Calls from Guernsey for greater mutual recognition of financial regulatory standards have been endorsed in a new report from an independent think tank.
The Institute of Economic Affairs has made the recommendation as part of a report on improving global financial services regulation and fostering economic growth and innovation after the UK leaves the European Union.
The IEA has also called for the reinstatement of Section 270 of the Financial Services and Markets Act 2000, which offered a marketing route into the UK for non-UCITS funds that was well-used by Guernsey funds before the introduction of the EU's Alternative Investment Fund Managers Directive.
"The UK should also actively encourage investment funds presently managed from London but domiciled in the EU to move their domicile back to the UK, Crown Dependencies or Overseas Territories," the report stated.
Dr Andy Sloan, Acting Director of Strategy at Guernsey Finance, the promotional body for the Channel Island's finance industry, said that the key messages of the IEA report resonated with Guernsey Finance's new development strategy, launched earlier this year. An important element of that new approach is to leverage Guernsey's global distribution capabilities for investment funds.
"The IEA support for leveraging mutual recognition across investment funds regime is something we strongly support and applies not purely in the Brexit context. We have been regularly making this point ourselves and are raising the issue at IOSCO in Budapest in May," he said.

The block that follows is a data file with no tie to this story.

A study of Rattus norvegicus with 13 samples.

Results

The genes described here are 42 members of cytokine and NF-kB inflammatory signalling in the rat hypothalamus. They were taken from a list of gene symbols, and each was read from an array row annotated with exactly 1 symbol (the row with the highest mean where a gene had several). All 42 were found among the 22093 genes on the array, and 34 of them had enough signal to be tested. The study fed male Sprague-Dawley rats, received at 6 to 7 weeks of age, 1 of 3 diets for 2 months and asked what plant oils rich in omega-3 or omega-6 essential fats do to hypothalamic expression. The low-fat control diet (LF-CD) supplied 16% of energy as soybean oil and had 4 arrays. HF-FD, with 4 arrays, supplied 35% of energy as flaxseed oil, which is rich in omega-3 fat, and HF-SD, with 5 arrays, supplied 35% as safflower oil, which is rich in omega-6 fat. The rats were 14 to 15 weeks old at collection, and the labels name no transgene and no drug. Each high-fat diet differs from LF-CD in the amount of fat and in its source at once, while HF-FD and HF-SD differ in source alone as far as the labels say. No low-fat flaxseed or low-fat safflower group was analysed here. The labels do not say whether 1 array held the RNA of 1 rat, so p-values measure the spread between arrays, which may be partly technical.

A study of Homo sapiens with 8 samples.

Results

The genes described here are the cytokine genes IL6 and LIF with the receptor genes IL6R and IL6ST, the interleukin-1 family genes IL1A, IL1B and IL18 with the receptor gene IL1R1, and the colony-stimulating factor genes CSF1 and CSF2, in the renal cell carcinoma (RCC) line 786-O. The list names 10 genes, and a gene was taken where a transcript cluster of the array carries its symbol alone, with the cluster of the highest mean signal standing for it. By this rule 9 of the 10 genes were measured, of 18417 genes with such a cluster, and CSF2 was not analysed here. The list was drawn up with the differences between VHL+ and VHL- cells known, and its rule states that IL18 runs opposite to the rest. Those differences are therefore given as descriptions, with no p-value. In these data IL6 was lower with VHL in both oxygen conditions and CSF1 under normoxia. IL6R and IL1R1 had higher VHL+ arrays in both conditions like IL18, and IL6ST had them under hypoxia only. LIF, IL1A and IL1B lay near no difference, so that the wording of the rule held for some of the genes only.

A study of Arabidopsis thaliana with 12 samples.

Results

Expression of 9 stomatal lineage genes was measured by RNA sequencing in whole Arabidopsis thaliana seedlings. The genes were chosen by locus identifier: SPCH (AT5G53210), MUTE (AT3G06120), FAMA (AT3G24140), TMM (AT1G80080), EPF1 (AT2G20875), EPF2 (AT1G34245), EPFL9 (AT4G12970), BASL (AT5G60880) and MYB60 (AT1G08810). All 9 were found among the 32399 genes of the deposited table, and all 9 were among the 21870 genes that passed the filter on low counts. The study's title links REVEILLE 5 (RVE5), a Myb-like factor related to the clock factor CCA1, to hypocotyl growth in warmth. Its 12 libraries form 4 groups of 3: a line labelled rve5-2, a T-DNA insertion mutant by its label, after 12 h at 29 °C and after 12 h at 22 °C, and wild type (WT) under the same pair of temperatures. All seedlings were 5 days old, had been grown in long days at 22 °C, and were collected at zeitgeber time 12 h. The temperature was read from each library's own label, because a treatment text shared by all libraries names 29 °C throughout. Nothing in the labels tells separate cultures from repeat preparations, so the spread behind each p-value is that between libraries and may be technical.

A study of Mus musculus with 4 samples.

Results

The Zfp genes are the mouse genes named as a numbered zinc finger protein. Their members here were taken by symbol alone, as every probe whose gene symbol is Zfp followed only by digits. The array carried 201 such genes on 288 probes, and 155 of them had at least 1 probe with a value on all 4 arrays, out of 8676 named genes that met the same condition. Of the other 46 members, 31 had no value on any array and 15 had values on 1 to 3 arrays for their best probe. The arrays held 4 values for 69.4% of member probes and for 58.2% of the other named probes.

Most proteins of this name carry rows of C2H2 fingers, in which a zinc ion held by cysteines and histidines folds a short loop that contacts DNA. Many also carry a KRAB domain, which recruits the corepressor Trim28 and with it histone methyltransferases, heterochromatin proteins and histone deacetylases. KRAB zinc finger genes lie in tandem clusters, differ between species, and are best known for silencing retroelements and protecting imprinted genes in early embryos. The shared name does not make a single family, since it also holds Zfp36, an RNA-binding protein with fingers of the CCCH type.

"We also endorse the IEA's support for moves to enhance the Channel Islands' ability to complement the UK investment management sector post-Brexit by reinstating the mechanism for recognition of funds regimes. We believe this particular move strongly enhances the UK's competitive position."
The IEA, which describes itself as "the UK's original free market think tank", proposes that the UK should form alliances with other major financial centres, and make comprehensive bilateral agreements based on mutual recognition with the financial centres of its Crown Dependencies.
It also suggests that the Crown Dependencies' status of EU equivalence recognition should be copied by the UK as part of the withdrawal from the EU to 'allow financial services to continue smoothly post-Brexit'.
"The Crown Dependencies and Overseas Territories are assets to the City of London that can allow the UK to build on its global network," the report said.
Dominic Wheatley, Chief Executive of Guernsey Finance, added: "Guernsey, the Channel Islands, the Crown Dependencies and the Overseas Territories complement, not compete with the City, and can really support UK competitiveness post-2020. IEA's recognition of these points is a very welcome development and we hope more and more opinion formers and influences take this message on board."
Guernsey's funds industry and authorities want to see the UK, as it evolves its own regulations, adopt mutual recognition post-Brexit.
Guernsey Finance has welcomed the report, which supports many of the island's views on how the UK should approach regulation from March 2019, and how Guernsey can assist the UK to continue to be a leading financial centre outside the EU bloc.
For more information about Guernsey's finance industry please visit www.weareguernsey.com.
The content of this article is intended to provide a general guide to the subject matter. Specialist advice should be sought about your specific circumstances.